When the Spokane Symphony crosses Monroe Street, lots of things change besides the “walk” light.
Members of the symphony will leave their posh art deco venue at the Fox Friday to take the stage at the Knitting Factory, which is usually occupied by rock groups. The occasion is one of the orchestra’s Symphony on the Edge concerts. Morihiko Nakahara, the orchestra’s associate conductor, will lead a program of works by six living American composers.
The works on Friday’s program were all written in the last 30 years. “The second half of the program is probably the most conventional,” Nakahara says. “The second half is for strings only and the first half is for large chamber ensembles.”
The first part of the concert has works by Huang Ruo, Ingram Marshall and Derek Bermel, names likely to be new to most members of symphony audiences. The composers for the second half of the concert will be more familiar – Steve Reich, Aaron Jay Kernis and Michael Daugherty.
Nakahara is opening Friday’s performance with the most recently composed work, Huang Ruo’s Chamber Concerto No. 4 (Confluence) written in 2002.
“This piece was written for the International Contemporary Ensemble. This group has 15 players who play cutting edge music for a living. They can do amazing things with their instruments, and that’s what this piece requires of us, too!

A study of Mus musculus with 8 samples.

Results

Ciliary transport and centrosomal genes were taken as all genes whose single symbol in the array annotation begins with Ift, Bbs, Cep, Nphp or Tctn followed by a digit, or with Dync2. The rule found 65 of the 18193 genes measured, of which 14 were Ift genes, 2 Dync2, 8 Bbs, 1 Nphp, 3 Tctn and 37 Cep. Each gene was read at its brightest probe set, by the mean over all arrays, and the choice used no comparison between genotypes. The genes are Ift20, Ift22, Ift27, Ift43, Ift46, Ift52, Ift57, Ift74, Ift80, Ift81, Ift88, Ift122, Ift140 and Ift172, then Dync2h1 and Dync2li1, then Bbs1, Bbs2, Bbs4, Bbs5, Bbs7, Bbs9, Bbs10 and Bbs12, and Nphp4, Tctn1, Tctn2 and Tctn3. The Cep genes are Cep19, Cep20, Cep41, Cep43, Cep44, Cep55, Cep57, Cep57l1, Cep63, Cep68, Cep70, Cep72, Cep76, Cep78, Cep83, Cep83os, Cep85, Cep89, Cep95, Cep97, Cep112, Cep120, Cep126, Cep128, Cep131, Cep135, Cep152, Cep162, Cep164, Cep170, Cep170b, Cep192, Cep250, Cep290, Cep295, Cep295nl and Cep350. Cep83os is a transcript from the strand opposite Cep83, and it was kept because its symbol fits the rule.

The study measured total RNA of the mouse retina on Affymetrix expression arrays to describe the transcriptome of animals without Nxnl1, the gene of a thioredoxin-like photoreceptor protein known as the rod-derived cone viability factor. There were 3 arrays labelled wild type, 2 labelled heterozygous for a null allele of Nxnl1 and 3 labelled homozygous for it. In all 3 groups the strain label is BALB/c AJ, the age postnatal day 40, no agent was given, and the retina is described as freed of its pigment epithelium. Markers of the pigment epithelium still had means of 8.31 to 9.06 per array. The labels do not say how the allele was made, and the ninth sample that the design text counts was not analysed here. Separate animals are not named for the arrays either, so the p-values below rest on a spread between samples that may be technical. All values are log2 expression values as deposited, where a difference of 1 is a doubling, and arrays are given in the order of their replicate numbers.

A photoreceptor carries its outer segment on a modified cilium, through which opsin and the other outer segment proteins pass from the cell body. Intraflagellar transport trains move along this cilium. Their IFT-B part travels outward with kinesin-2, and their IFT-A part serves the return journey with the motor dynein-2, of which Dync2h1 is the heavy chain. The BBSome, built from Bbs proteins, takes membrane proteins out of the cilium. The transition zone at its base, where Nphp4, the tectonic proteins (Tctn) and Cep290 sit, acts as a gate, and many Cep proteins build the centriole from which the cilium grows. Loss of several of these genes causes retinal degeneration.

“We’re ending with Daugherty’s ‘Strut,’ and practically everybody in Spokane knows Daugherty because he wrote the ‘Letters from Lincoln’ the orchestra premiered last month,” Nakahara says. “And ‘Strut’ is a piece about another famous icon, the singer and actor Paul Robeson, and depicts Robeson strutting down a sidewalk in Harlem back in the ’20s.”
Ingram Marshall, who now lives in Connecticut and is a lecturer in composition at Yale, wrote “Fog Tropes” when he lived in San Francisco in the 1970s. “This version of ‘Fog Tropes’ is for brass instruments and a tape recording Marshall made using the sounds of foghorns, some of his own falsetto singing and the sound of his playing a flute-like instrument,” Nakahara says.
Reich’s Triple Quartet, written for the Kronos Quartet, used a taped performance in its original version, too. “He later reworked it for live players only,” Nakahara says, “so you don’t have the advantage of the three layers drifting in and out of phase mechanically with tape. You have to achieve that with live players. The middle movement came as a real surprise to me because it is so very lyrical and expressive – something I didn’t really expect from Reich.”
Other works in Friday’s Symphony on the Edge concert are Aaron Jay Kernis’s “Musica Celestis” and Derek Bermel’s “Three Rivers.” Kernis is one of the most frequently performed symphonic composers in the U.S. and Bermel, like Huang Ruo, is a member of an ensemble that specializes in avant-garde music.
“The more new music you conduct,” Nakahara says, “the more you want to push a little bit closer to the edge of where new music is. And the more comfortable you get with it and, hopefully, the better you get at it.”
Symphony on the Edge performances are presented in easygoing informal dress, with rock concert lighting and video close-ups of the conductor and performers. Audience members can treat themselves to refreshments, including alcoholic drinks for those who can show ID proving that they are over 21.